Europe targets at-risk groups for 'e-Inclusion'
- By Brian Robinson
- Jun 14, 2006
Riga, Latvia, Ministerial Declaration
With groups such as the elderly, people with disabilities and the unemployed increasingly at risk of being shut out of the Internet-based expansion of information services, the European Union and other European countries have committed to an ambitious e-Inclusion program aimed at breaking down barriers.
By 2010, according to a declaration signed this week, countries will halve the gap in Internet usage of these at-risk groups, boost broadband coverage to 90 percent of the EU population and ensure that all public Web sites comply with accessibility standards.
The inclusion problem is a big one, according to the Ministerial Declaration signed in Riga, Latvia, by representatives of 34 European countries.
As many as 50 percent of EU residents reap no benefits from information and communication technologies, according to some estimates, mainly because they lack access to terminals and networks, as well as easy-to-use and affordable technologies. Different generational attitudes toward technology also play a role.
The declaration listed several major problem areas:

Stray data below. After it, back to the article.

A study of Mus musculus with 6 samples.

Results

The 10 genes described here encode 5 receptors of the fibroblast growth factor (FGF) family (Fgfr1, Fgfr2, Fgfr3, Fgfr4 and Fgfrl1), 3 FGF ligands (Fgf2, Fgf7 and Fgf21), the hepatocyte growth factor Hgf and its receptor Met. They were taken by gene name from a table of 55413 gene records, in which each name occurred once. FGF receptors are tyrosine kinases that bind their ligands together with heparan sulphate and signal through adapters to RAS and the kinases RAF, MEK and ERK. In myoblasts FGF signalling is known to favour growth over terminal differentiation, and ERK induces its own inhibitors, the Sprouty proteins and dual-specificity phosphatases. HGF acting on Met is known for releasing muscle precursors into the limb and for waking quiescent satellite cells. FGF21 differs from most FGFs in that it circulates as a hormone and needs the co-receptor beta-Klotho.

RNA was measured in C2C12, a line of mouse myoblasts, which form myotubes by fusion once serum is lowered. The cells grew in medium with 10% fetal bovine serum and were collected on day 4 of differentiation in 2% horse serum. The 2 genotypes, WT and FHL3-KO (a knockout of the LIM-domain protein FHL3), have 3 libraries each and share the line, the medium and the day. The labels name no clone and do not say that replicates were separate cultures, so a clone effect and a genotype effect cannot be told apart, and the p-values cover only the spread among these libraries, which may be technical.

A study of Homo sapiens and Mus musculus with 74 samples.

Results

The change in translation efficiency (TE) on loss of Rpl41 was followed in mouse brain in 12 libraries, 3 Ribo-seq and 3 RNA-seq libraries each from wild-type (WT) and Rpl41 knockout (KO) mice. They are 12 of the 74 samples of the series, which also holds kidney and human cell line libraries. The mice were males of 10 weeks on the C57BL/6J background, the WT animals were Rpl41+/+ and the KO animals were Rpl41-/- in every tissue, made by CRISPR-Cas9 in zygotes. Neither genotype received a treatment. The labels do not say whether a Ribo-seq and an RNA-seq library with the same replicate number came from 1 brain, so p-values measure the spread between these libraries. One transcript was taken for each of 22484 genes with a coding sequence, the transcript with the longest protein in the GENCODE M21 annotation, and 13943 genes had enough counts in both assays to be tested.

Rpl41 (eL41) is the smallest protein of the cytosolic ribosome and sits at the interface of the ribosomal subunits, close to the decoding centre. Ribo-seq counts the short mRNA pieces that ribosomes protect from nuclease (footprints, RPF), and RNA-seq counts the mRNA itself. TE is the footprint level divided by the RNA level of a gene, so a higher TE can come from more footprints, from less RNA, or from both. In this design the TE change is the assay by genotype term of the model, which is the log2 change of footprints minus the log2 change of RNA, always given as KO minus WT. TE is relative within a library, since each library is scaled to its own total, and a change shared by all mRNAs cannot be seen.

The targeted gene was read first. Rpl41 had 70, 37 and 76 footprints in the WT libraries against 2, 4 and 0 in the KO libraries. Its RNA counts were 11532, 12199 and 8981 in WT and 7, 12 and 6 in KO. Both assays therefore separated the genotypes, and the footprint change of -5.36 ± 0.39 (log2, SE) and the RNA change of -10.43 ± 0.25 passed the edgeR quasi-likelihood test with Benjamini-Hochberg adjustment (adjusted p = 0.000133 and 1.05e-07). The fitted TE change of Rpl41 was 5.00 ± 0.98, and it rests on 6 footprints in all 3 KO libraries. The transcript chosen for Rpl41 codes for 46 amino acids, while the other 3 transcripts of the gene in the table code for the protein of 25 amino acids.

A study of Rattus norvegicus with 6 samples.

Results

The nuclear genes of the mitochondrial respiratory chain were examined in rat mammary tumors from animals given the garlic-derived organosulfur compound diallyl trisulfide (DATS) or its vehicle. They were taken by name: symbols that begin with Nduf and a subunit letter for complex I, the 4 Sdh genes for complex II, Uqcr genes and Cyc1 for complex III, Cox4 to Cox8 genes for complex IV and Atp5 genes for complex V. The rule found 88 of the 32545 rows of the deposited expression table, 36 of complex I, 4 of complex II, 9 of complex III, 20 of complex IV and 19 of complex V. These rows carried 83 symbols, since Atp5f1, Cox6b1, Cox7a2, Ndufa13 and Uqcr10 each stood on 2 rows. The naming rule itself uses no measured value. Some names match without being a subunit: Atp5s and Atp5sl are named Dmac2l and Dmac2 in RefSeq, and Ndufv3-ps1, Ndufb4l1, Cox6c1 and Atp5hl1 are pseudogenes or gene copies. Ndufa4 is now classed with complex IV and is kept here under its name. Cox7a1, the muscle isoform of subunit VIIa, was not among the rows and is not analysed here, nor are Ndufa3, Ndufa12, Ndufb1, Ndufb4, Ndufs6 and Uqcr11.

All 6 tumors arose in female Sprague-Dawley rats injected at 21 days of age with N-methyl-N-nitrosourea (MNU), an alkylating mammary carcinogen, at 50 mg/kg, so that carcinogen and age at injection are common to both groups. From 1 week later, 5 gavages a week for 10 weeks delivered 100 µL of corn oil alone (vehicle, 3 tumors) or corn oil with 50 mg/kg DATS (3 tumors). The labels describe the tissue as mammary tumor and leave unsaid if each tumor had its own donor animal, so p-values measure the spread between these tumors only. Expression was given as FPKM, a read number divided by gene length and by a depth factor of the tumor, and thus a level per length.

- Only 16 percent of people over 55 have Internet access.
- Only about 3 percent of public Web sites comply with the World Wide Web Consortium’s accessibility standards, hindering access to Web content and services for people with disabilities, who make up nearly 17 percent of the EU population.
- Although Europe overtook the United States in 2005 in the number of broadband lines and broadband subscriptions are growing by 60 percent a year, only 13 percent of the EU population can access broadband services.
Overcoming those problems is a prime goal because public services are increasingly being delivered via the Internet. By October 2004, the declaration states, 84 percent of Europe’s basic public services and businesses were online, with 40 percent of public services fully interactive.
As the European population ages and demands for social services such as health and education rise, e-government and e-health are becoming major strategies for delivering services.
To tackle the declaration’s goals, the European Commission said it is preparing a set of initiatives for incorporation into a wider EU e-Inclusion program to begin in 2008. Money will be provided through EU state aid and structural and rural development programs.
The commission said it will also support market-based e-Inclusion initiatives by encouraging large-scale projects through a new competitiveness and innovation program and by promoting e-Inclusion research through the EU’s Research Framework Programme.
Brian Robinson is a freelance writer based in Portland, Ore.